Storm victims touched by volunteers’ efforts
Wayne Smith uses a chainsaw to chop up one of several trees that fell in the yard of Mount Branson resident Jay Reese, 84, while Reese’s daughters, Sue Smith and Marie Wilson, gather debris.
The Rev. Tim Kidwell, pastor of the Branson Church of Christ, said he couldn’t help but smile when he saw more than 50 volunteers show up Saturday to help his church get back on its feet.
“It just makes a guy show his teeth,” Kidwell said. “You smile, and you can’t stop smiling, seeing all these people, happy to be here to work.”
The church itself sustained relatively minor damage, but the tornado left its property a tangled mess of fallen trees and limbs. About 10 of the volunteers were Kidwell’s own parishioners, while the rest came from other Churches of Christ across Missouri and Arkansas.
“With the equipment and people they brought, they did in three hours what would have taken us a few weeks,” Kidwell said.
He said the volunteers moved out into other parts of the tornado-hit community after cleaning up around the church.
They weren’t alone. On nearby Maddux Street, Collin Suire, 13, and his parents, Gordon and Mellodie, were helping a stranger gather logs from his yard.
“We live like a mile from where (the tornado) hit,” Gordon Suire said. “We feel like we were spared, and that’s why we’re helping others.
Lisa Herchenroeder, a nursing professor at College of the Ozarks, got choked up Saturday as she watched dozens of volunteers cleaning up her yard and Hope Park, a mobile home park on Mount Branson she owns with her husband, Gary.
“It feels like a miracle is happening,” she said. “I looked out here, and I thought this is two years worth of work. I just started praying, and people started showing up. If I have to be in an area where tragedy is going to strike, this is where I want to be.”
Volunteers came from all over, including about 30 of her daughter’s classmates at Trinity Christian Academy, who came to pitch in Friday. The next day, another group of volunteers about 30 strong came from C of O.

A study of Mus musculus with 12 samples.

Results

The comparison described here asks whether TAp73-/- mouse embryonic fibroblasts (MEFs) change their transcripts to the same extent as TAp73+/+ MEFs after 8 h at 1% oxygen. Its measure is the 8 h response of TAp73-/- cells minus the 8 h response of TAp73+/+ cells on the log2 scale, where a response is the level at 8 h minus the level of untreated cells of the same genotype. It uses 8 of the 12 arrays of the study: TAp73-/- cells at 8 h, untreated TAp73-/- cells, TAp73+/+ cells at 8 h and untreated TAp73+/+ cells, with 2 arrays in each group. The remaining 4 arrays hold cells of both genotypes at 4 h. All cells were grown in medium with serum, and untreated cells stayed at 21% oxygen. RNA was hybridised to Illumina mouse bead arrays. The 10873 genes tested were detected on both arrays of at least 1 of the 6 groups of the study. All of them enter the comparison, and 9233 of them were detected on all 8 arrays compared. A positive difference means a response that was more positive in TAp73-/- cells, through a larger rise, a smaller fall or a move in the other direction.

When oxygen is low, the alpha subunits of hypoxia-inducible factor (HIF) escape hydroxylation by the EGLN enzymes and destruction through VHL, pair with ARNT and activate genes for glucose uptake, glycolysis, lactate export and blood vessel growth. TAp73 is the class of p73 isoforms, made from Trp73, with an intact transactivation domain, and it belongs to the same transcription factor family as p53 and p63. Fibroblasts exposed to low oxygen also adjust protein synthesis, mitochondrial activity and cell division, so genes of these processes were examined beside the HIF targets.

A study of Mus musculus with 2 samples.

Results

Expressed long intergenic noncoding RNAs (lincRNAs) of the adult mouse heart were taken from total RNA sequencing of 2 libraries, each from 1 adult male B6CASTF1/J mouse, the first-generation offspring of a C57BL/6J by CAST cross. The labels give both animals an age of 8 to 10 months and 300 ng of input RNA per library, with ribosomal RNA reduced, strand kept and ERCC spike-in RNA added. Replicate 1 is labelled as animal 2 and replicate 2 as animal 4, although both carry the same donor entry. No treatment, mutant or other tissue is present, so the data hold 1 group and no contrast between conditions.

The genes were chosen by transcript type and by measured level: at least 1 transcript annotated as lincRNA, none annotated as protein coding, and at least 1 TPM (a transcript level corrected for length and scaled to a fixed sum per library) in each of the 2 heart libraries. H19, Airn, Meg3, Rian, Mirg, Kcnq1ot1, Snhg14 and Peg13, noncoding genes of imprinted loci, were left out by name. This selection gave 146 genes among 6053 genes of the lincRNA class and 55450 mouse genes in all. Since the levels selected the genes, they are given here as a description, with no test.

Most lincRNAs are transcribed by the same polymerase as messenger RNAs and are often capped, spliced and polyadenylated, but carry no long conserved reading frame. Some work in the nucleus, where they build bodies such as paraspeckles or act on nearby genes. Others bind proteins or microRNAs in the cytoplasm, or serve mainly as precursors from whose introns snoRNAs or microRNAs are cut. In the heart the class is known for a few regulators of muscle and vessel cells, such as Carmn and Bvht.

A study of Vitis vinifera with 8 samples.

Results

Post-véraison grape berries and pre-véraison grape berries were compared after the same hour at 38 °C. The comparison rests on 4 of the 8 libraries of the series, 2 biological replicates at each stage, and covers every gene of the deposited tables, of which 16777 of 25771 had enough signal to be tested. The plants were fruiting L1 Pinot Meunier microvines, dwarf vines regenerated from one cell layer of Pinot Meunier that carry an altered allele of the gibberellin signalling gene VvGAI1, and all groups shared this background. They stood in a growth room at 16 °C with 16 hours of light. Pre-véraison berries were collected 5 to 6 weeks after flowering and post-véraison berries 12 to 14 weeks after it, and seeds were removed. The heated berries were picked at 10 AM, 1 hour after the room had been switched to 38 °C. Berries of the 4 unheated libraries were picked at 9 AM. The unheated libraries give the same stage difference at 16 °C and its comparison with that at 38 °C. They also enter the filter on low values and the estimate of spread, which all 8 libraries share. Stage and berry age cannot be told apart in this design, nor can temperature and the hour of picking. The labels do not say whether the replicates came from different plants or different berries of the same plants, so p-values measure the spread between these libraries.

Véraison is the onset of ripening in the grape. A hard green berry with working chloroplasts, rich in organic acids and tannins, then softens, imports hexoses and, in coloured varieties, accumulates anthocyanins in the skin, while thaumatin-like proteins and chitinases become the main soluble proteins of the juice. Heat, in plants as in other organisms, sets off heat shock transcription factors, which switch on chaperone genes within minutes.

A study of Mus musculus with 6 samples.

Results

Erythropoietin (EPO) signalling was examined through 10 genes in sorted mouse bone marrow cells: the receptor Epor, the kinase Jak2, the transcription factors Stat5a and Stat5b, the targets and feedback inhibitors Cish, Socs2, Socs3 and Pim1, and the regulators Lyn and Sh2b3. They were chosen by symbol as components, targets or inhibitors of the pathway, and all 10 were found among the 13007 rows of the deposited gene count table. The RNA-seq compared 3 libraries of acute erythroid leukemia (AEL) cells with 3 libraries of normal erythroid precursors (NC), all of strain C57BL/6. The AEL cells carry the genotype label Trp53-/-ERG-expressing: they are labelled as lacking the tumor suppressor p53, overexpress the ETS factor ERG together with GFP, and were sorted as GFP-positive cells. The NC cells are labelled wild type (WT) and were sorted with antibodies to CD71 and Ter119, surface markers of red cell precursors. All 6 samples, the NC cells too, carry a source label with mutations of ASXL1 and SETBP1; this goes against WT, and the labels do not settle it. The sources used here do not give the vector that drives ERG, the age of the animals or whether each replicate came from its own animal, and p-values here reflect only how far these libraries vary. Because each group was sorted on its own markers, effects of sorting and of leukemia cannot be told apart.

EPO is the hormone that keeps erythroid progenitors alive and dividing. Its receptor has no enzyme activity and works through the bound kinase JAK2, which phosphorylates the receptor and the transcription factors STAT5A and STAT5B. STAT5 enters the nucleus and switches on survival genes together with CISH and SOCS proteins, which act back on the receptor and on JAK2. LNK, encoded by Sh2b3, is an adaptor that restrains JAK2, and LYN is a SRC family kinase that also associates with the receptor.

“We’re just helping out our own,”said Marvin Schoenecke, dean of administration.
Both Gary and Lisa Herchenroeder work for C of O. A different group went to the home of another employee, Mike Smith, Saturday. His house off T Highway was reportedly in need of major repairs after the twister.
Smith’s was one of as many as 200 homes in unincorporated Taney County affected by the tornado. Of that number, around 40 have been ruled “permanently uninhabitable” and must be razed, according to the Office of Emergency Management.
“We’ll continue to be helping the community, going forward,” Schoenecke said. “But this weekend, we wanted to help our folks who are property owners get back on their feet.”
Around 80 students and staff turned out for the volunteer effort, according to Schoenecke.
The Herchenroeders’ house was hit hard by the tornado, sustaining massive damage to the roof and possible structural damage. All of the trailers in Hope Park were affected, and at least two will likely need to be demolished.
The mobile home park wasn’t insured, but Lisa Herchenroeder said they hope to rebuild anyway.
“Hope Park is a wonderful community,” she said. “It will take some time, but we will move forward as God provides a way.”